Rebecca's Brother On 'Crazy Ex' Is Just Like Her, But With One Crucial Difference

Tyler Golden/The CW

Spoilers ahead for Crazy Ex-Girlfriend Season 4, Episode 4. Young Tucker must fly — in the newest version of Peter Pan: The Musical, that is! In the Nov. 2 episode of Crazy Ex-Girlfriend, Rebecca's half-brother comes for a spontaneous visit to West Covina, claiming that his mom called her several times (Rebecca never checks her voicemail, so she instantly believes him). And while the pair bond immediately (they both love the animated musical, Slumber, and think that pretzels are a funky treat for teens!), it's soon revealed that the pre-teen stole Rebecca's childhood diary and is manipulating her into liking him. That might make it tempting to judge Tucker on Crazy Ex-Girlfriend, but Rebecca sees a lot of herself in him — and in the end, that makes her exactly the person he needs to help put his life back on track.

Tucker is cute, let's be honest. He's bright-eyed, loves to sing, and cinches his backpack a little too tight to be popular at school. In other words, he has friends — he definitely has friends. However, not everyone is charmed by his antics. When he goes in to audition for Pan, he sings a song about wanting to become a messed up child star. Some choice lyrics include, "I want to sue my parents for emancipation after they get caught stealing from me / I want to be on the set of The Walking Dead when I lose my virginity." This doesn't endear him to the director, who cuts him off before he gets to his actual audition song (because apparently that was just his warm-up??).

Tyler Golden/The CW

It's here that we get a glimpse of what will surely be Rebecca's future as a hovering stage mom (one could say she's so maternal). She immediately begins pacing while her brother is auditioning, and when Tucker tearfully tells her what happened, she's determined to get him a second chance. So, she dresses up like a bell hop and forces the director to listen to Tucker sing a few bars from "In One Indescribable Instant" in her hotel room. This technically means she's up to her old tricks again, but this time she's doing it for Tucker, and even though it obviously doesn't work, it's clear Rebecca has changed. When she uncovers that Tucker has made a deal with Nathaniel to bribe the director into giving him the part, she quickly shuts it down.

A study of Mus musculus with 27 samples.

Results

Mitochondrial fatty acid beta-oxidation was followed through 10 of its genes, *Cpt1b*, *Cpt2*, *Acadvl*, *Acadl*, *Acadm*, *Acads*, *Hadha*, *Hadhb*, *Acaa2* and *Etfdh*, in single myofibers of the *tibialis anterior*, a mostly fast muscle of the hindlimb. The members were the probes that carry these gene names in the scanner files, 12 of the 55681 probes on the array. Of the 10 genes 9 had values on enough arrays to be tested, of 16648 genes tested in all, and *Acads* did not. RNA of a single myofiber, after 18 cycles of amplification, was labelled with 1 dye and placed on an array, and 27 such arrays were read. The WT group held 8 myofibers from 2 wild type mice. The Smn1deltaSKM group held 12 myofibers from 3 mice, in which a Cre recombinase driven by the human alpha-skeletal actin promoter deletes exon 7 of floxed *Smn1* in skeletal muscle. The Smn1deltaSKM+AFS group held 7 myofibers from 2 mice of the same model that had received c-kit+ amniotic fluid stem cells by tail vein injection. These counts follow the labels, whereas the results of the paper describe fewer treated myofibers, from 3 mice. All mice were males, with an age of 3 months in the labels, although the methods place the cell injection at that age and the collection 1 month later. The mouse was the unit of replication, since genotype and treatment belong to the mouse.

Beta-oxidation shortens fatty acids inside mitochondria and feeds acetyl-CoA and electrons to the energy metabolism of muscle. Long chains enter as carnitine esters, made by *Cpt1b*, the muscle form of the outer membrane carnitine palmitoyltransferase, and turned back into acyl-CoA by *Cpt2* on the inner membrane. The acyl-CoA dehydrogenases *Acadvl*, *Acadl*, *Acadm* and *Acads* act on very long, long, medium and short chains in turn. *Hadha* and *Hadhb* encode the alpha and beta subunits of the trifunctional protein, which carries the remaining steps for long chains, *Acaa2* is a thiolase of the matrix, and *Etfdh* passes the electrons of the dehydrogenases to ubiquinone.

Late, it comes out that Tucker has just been mimicking Rebecca's personality, but they still have a lot in common. He may not say "Gasp!" or put sugar in his milk, but his self-esteem is awful, he has a nonexistent relationship with their dad, and he's got some un-addressed mental health concerns. He's a Bunch, after all! Rebecca recognizes theses similarities, which allows her to do some revisionist history. She calls Tucker's mother (who has gotten divorced from their dad) and recommends that he start going to therapy. "That's what I needed when I was your age," Rebecca reassures him.

Afterwards, she calls their dad (which was likely very difficult for her) and makes him agree that, instead of working construction, which apparently poor Tucker has been doing each summer, he will go to theater camp. "Also, I'm paying for theater camp, and also I'm paying to replace you at the construction site this summer, because he is literally the worst person," she adds. These are two things that Tucker clearly needs — outlets to express himself, both creatively and emotionally. However, Rebecca tells him that he can't do the musical, even though he technically got the part. "You lied and schemed to get it," she tells him. "You didn't earn it."

It's sad that Rebecca didn't have this kind of guidance when she was young, but history doesn't have to repeat itself this time around. Through this interaction, it's clear how far Rebecca's come since Season 1. She's starting to take care of herself, yes, but she's also proven that she's capable of looking out for other people. And since it's revealed in this episode that Rebecca can't actually sing ("Gasp!"), at least Tucker will be able to cary the musical baton for the both of them.